Last April, a mysterious bus parked around the corner of Keefer and Quebec streets, in Vancouver’s Chinatown.
The bus was an art project from Laiwan, part of Emily Carr University’s LivingLabs Ten Different Things project series. She explained it was an installation named Mobile Barnacle City. The roof of the bus was home to a cluster of giant barnacles, a reminder of Chinatown’s proximity to water. Inside the bus, Laiwan and a group of artists hosted a series of public events, running from April 15th to April 29th.
I attended the event Remembering Chinatown (with guest Chipper John Mah). Laiwan explained her fascination with the 1956 CBC movie ‘Summer Afternoon’. The film, set in Chinatown in 1956, featured footage of boats and boathouses right across from where the Chinatown Memorial now stands. Laiwan was haunted by these images and decided she would find out as much as she could about this movie. Eventually, her quest lead her to Chipper Mah, who, a young boy in 1956, was one of the main characters in the film. We watched the movie on the bus, with Chipper providing a running commentary, sharing memories from growing up in Chinatown in the 1950s.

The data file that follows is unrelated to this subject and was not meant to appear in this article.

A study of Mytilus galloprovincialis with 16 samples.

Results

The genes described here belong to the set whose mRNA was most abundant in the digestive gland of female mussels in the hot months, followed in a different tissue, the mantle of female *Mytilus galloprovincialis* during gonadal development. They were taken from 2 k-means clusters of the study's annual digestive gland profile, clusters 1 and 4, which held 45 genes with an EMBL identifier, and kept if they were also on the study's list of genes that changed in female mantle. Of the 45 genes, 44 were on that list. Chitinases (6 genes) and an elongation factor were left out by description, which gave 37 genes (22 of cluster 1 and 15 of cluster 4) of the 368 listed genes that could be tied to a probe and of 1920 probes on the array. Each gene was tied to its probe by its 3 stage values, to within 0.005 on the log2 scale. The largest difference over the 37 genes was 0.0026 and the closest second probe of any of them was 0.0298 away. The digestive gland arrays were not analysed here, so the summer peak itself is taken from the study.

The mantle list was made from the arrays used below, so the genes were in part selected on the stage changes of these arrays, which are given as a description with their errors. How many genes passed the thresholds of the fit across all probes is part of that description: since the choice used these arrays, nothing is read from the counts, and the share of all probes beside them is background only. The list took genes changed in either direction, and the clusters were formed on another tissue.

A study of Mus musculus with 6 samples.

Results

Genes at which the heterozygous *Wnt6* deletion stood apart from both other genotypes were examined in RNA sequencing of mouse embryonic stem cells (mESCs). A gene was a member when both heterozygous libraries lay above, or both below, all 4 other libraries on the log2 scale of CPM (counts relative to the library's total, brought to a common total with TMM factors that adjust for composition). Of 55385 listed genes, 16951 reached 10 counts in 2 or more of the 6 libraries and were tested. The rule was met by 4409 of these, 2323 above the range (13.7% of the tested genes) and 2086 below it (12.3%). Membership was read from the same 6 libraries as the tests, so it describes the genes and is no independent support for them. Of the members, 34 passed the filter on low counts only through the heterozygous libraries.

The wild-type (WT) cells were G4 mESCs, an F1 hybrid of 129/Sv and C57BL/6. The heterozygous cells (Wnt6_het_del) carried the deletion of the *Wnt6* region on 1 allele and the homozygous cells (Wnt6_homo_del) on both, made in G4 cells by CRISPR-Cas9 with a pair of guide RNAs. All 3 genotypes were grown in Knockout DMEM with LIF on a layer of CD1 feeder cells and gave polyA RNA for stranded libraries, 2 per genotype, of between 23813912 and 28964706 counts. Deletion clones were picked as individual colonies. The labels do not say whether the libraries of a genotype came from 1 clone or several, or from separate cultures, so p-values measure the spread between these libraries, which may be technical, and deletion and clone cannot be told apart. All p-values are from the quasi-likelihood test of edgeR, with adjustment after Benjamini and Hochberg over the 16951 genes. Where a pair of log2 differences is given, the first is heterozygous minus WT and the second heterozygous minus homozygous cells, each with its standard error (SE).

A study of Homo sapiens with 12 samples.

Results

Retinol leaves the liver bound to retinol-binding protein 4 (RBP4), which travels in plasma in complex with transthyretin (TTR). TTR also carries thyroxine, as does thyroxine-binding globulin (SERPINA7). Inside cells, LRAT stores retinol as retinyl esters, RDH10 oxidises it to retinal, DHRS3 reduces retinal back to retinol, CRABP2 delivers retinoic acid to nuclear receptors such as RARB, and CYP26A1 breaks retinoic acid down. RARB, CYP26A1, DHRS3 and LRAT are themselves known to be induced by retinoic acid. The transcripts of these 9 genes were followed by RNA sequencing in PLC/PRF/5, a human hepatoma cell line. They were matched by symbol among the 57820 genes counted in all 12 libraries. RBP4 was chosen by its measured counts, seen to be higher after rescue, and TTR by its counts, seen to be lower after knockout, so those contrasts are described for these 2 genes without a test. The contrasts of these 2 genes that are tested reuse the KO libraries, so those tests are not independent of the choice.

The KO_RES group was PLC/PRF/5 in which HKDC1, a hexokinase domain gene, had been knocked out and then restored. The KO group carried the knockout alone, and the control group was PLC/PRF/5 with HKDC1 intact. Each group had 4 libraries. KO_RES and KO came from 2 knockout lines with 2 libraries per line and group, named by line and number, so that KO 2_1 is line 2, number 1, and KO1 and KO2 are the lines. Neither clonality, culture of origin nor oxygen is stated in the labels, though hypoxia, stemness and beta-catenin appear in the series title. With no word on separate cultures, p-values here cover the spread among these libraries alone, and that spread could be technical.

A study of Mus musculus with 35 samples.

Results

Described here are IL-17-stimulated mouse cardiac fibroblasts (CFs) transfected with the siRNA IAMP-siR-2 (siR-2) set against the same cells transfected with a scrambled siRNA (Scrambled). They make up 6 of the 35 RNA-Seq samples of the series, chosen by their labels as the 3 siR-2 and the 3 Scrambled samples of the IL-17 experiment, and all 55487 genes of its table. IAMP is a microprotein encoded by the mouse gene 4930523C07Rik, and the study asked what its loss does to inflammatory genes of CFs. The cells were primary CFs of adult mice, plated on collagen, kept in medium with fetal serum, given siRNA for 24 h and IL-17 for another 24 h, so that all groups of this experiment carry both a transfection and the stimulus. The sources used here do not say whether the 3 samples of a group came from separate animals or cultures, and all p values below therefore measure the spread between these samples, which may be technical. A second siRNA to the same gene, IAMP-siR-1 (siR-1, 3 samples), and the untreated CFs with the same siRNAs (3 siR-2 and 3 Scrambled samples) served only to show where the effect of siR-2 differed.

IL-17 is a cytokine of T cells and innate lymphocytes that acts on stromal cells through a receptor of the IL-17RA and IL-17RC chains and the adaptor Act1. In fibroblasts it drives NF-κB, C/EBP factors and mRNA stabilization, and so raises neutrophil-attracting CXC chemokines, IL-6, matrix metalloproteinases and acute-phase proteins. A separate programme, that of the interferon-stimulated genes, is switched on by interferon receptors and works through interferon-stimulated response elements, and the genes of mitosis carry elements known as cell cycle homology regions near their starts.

It was the perfect way to discover that footage. The images feel ancient, but they’re also relatively recent. The Chinatown depicted there is very different from our own, but many aspects of it are unchanged. I understand how one could be haunted by these images.
Thanks to Laiwan, the movie is now available for all of us to see.
Here it is:
If you’re curious about the bus itself: it’s the SiteFactory Mobile Art Platform.